ARCHIVED - Corporations Used by Practising Members of Professions
DATE: May 24, 1991
SUBJECT: INCOME TAX ACT
Corporations Used by Practising Members of Professions
REFERENCE: Sections 9 and 125 (also sections 10 and 34 and paragraph 18(1)(p))
This bulletin cancels and replaces Interpretation Bulletin IT-189R dated February 27, 1984. Current revisions are indicated by vertical lines.
This bulletin deals with corporations used by practising members of professions, such as law, medicine, engineering, architecture or accounting. These practitioners may be employees of a corporation which they or their relatives own or control and which carries on the business of the professional practice. While the tax treatment of situations of this nature can only be determined after ascertaining all of the relevant facts of a given case, this bulletin discusses some of the applicable provisions of the Act and other general guidelines.
Discussion and Interpretation
Incorporated Professional Practices
1. A corporation may be recognized as carrying on a professional practice unless provincial law or the regulatory body for the particular profession provides that only individuals may practice the profession. If this first condition is met, a corporation is recognized as carrying on a professional practice if the activities of the corporation and its relationship to its employees and clients are similar to those ordinarily associated with a corporation carrying on a business. Such activities include:
(a) owning or renting the premises of the business,
(b) owning or renting the furniture, fixtures and major equipment of the business,
(c) operating a bank account in its own name through properly authorized signing officers,
(d) purchasing necessary supplies,
(e) providing clerical services,
(f) billing clients for professional services in its own name,
(g) depositing the collections in its bank,
(h) paying salaries to individuals performing the professional services offered by a corporation,
(i) making the clients aware that they are dealing with the corporation, and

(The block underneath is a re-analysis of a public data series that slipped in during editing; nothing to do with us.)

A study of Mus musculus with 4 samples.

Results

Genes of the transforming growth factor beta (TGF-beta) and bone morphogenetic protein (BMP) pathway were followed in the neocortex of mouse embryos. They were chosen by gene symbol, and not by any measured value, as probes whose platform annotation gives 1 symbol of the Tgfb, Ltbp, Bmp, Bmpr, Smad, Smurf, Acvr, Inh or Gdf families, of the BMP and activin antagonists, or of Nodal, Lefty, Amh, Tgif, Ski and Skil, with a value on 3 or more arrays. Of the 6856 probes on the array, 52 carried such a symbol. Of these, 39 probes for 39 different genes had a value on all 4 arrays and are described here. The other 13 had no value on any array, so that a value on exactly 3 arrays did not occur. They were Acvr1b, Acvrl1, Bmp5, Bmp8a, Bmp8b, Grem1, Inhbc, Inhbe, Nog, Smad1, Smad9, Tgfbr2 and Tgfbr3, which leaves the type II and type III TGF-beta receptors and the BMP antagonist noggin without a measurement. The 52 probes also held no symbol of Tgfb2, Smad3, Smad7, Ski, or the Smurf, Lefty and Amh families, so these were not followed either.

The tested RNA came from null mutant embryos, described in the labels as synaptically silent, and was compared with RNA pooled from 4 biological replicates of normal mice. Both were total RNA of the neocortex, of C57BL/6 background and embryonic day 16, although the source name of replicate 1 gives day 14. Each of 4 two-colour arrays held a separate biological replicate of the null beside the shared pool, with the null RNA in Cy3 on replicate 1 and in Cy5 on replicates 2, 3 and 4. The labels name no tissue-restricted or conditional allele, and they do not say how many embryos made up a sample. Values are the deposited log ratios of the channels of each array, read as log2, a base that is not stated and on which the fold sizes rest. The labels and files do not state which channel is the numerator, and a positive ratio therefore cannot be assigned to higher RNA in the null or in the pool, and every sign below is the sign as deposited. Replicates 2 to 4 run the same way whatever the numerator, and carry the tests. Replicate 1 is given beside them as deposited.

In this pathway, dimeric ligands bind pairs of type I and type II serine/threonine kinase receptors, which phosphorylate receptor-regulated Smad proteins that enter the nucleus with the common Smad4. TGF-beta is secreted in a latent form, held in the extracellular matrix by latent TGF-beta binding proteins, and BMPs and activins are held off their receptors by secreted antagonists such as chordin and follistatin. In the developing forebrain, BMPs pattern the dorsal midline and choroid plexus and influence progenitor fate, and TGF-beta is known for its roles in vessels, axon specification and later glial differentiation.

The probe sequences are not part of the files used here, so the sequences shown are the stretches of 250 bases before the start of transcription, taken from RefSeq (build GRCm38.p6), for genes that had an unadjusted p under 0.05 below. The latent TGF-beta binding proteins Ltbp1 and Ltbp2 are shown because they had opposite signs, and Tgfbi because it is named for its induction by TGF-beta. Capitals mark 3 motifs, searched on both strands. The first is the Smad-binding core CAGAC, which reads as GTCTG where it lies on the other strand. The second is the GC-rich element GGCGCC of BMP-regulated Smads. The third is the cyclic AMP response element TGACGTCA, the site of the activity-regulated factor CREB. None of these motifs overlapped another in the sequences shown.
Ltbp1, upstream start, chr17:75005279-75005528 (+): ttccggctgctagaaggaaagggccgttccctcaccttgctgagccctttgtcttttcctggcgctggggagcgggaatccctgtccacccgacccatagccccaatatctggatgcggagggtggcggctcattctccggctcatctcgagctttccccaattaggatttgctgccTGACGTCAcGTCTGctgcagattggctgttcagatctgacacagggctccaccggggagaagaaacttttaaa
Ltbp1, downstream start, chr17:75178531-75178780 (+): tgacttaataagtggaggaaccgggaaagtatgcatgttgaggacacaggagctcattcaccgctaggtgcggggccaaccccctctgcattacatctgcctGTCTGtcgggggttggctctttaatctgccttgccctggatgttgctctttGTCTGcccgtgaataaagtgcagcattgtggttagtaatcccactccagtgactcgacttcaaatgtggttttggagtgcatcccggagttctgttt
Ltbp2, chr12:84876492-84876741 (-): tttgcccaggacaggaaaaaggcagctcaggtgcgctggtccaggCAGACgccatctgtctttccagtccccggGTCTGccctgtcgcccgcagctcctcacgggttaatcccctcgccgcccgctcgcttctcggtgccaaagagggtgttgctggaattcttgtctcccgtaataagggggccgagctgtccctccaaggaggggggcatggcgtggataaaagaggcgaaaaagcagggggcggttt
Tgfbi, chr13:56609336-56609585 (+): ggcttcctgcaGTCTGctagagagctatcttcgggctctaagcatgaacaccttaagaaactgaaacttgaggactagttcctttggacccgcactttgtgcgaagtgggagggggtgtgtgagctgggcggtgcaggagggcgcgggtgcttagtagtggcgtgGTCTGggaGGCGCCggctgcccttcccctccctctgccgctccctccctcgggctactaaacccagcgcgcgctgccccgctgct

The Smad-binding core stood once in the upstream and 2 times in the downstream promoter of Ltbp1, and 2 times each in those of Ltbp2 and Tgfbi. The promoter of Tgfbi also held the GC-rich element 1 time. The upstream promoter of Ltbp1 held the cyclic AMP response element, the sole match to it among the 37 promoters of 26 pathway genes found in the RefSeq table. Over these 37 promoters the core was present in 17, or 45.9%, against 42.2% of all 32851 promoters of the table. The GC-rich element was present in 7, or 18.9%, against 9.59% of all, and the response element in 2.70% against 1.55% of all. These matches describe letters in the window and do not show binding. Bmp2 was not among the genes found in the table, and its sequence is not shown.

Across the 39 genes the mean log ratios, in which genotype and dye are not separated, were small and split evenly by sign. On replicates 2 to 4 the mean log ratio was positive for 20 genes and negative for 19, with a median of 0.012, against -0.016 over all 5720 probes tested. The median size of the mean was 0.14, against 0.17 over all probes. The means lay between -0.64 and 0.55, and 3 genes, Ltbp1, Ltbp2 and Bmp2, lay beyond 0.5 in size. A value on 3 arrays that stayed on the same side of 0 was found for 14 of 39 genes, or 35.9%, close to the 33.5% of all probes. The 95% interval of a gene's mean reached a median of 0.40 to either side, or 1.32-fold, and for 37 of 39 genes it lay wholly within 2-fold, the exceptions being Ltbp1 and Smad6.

(j) maintaining an employer-employee relationship between the corporation and the individual, with the services to be performed clearly set out in a dated, written agreement wherein specific provisions determine a reasonable salary for the services performed.
2. If provincial law or the regulatory body for the profession precludes the practice of the profession by a corporation, income derived from the profession will normally be considered to be earned by the individual who rendered such professional services and not by a corporation.
Work in Progress
3. A corporation that is carrying on the practice of a profession within the parameters of 2 above is required to determine its income on the accrual basis, except that it may qualify to make an election under section 34 not to include in its income any amount in respect of work in progress at the end of the year (see the current version of IT-457, Election by Professionals to Exclude Work in Progress from Income). This election may be made only in respect of a business that is the professional practice of an accountant, dentist, lawyer (including a notary in the province of Quebec), medical doctor, veterinarian or chiropractor. Except where a valid election has been made under section 34, work in progress is required to be valued at the year end and must be included in computing the income from the professional business (see the current version of IT-473, Inventory Valuation). Subsection 10(4) provides that for 1983 and subsequent taxation years, the fair market value of property that is work in progress of a business that is a profession means the amount that can reasonably be expected to become receivable for that work in progress after the end of the year.
Limits on Deductions By Professional Corporations
4. A Canadian-controlled private corporation (see the current version of IT- 458) which carries on a professional practice may be entitled to the small business deduction pursuant to subsection 125(1), provided certain conditions are met. However, to the extent that such a corporation derives its income for the year from carrying on a "personal services business" or a "specified investment business", the small business deduction is not available. Furthermore, the deduction of expenses by a personal services business of a corporation is restricted to the narrow range of items described in paragraph
18(1)(p). Refer to the current version of IT-73 for a discussion of these topics in greater detail.
Ineffective Arrangements and Shams
5. In some cases, a corporation (or certain of its transactions and business arrangements) might not be constituted in a legally effective way. Furthermore, various acts and transactions (shams) might be engaged in with the intention of misleading outside parties, the Department or the courts as to the nature of the rights and obligations (if any) which the parties themselves actually intend to create. For example, the corporation might not in fact carry on the business operation, it might perform few or no services, its activities might consist of little more than a series of accounting entries in its books of account or its management agreement with the practitioner might not be complied with or might lack substance. In appropriate cases of this nature, the income purported to be that of the corporation can be taxed as income of the individual practitioners who have, in fact, carried on the business operation.